India

India

We have been associated with India since our founding in 1971. While working at all levels of the health system over the years, we have supported the accessibility and delivery of health services and essential medicines, implemented reproductive and maternal and child health strategies and behavior change, established strong procurement systems, and expanded treatment of infectious diseases.

Overview

To support improvements in health services and outcomes in India, we have carried out work in leadership and management, applied research, and health management information systems—including a 19-state project in the 1980s. Our programs have aided the government with costing studies to mobilize resources for primary health care, supported access to and procurement of essential medicines and related health supplies, performed pharmaceutical-sector assessments, and developed standard operating procedures in laboratories and pharmacies. To reduce malnutrition and infant mortality, MSH has helped to deliver high-impact interventions, such as home-based newborn care, improved infant and young child feeding, and immunization.

To respond to HIV and AIDS and expand treatment of TB, MSH—with the World Bank in India—designed initiatives to combat TB among those living in crowded urban areas. We work to improve government contracting of private sector agencies to provide TB support services, and with the National Health Systems Research Centre we have been conducting a series of costing analyses to inform national budget discussions on health allocations.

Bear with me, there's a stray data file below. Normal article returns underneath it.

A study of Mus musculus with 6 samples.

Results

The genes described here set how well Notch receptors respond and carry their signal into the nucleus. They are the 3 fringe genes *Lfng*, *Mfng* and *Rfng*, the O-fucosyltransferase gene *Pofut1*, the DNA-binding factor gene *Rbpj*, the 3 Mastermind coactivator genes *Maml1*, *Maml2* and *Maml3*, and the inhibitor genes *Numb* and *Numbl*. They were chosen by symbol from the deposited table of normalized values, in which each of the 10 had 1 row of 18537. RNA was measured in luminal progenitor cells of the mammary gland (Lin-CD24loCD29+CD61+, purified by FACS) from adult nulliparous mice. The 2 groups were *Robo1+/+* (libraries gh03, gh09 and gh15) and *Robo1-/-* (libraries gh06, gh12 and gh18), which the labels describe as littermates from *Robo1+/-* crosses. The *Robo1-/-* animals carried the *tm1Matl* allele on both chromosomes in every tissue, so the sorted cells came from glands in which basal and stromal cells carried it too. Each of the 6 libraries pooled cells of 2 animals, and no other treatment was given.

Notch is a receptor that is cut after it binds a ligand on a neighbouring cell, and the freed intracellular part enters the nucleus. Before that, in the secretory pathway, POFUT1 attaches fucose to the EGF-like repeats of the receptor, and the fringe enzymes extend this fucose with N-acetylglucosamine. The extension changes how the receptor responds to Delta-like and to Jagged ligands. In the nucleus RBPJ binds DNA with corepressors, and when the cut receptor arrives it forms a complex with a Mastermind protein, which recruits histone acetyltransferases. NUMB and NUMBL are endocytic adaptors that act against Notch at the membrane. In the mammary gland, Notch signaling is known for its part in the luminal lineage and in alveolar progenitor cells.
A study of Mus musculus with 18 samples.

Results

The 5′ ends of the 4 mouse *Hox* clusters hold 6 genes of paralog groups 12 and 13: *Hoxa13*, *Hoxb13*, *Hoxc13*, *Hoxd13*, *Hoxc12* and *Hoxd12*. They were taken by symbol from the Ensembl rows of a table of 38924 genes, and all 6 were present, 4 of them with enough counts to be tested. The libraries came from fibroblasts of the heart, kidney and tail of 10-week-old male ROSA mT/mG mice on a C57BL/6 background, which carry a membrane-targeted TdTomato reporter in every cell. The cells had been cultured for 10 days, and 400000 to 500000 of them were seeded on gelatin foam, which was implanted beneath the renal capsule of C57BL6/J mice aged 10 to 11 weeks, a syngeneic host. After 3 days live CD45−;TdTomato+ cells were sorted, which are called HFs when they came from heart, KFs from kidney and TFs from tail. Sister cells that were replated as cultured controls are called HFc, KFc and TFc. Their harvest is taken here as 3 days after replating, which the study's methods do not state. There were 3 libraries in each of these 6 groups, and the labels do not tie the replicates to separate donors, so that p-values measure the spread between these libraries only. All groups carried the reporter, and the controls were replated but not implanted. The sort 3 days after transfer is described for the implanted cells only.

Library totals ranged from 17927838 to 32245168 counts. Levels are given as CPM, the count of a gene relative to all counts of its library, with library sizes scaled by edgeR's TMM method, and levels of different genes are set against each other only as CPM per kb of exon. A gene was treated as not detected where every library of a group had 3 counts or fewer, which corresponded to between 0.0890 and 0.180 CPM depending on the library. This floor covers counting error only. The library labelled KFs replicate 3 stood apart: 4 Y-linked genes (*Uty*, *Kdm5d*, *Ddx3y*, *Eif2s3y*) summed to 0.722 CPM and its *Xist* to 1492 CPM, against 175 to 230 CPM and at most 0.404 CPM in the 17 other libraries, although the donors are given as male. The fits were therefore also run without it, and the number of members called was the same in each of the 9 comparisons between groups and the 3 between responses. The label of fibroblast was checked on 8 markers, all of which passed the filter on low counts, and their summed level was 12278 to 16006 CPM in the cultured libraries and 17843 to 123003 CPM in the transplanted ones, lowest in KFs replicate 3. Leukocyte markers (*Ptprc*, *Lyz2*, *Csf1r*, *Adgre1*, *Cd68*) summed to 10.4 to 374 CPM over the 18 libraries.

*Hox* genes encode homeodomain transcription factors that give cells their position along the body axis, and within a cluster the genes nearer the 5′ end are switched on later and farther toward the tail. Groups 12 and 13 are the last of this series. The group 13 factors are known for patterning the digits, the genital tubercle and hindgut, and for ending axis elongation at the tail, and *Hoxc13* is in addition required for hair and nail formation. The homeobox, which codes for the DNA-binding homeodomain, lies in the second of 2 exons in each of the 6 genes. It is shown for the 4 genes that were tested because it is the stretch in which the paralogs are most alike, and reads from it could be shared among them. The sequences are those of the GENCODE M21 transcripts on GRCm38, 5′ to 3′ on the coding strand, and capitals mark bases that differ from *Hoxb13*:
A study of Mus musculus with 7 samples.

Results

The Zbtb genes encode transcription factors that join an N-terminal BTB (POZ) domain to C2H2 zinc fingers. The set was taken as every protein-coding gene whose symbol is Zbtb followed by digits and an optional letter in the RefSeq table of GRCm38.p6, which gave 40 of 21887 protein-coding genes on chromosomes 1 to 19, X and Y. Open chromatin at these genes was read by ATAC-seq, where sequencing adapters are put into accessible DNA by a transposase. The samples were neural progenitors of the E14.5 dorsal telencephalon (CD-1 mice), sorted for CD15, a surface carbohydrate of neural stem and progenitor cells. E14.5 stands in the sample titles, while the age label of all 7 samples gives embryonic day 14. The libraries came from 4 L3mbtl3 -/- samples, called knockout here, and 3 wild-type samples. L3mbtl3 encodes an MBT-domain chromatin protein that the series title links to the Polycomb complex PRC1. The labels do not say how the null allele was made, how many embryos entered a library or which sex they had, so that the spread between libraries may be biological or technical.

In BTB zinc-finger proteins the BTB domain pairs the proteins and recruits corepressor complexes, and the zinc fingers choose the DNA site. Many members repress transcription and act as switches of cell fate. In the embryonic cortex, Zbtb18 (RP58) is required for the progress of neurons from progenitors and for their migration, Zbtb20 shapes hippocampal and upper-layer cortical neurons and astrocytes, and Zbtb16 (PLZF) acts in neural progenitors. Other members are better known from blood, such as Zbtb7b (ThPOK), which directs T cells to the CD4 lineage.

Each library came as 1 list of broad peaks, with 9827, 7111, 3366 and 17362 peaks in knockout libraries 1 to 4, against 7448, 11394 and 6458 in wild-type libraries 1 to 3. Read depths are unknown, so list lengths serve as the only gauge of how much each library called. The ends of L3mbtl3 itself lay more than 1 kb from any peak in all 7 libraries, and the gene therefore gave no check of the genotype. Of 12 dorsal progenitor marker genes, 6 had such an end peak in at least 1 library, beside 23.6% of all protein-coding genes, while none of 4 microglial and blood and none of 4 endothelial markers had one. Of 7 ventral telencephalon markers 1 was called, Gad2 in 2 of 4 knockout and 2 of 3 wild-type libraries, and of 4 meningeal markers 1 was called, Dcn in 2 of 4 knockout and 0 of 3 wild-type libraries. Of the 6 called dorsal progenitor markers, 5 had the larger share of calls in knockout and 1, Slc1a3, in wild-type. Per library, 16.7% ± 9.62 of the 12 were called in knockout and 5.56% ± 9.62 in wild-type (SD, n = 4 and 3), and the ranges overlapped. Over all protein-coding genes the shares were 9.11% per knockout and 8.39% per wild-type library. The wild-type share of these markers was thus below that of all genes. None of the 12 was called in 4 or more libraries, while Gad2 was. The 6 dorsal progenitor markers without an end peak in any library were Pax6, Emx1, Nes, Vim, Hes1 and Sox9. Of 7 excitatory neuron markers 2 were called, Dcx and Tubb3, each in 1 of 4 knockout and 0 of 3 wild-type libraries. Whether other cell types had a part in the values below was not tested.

1. Resources
  2. News & Stories

Accelerating the End of TB: Field Research from Management Sciences for Health—2008-2022

Our volume of more than 100 peer-reviewed journal articles highlights MSH’s long-term commitment to ending the TB epidemic. Authored or co-authored by MSH technical experts over the last 15 years, these articles are important contributions to the evidence base of what works in the fight against TB, including systems strengthening innovations that improve access to both established and novel TB medicines, ensure safety and quality, and promote effective detection and case management.

Management Sciences for Health Supports Newly Introduced Legislation to End Tuberculosis Worldwide

The bill calls for greater coordination among US government agencies that engage in international TB activities to ensure accountability and transparency, reduce duplication of efforts, and ensure appropriate integration and coordination of TB services into other US government-supported health programs.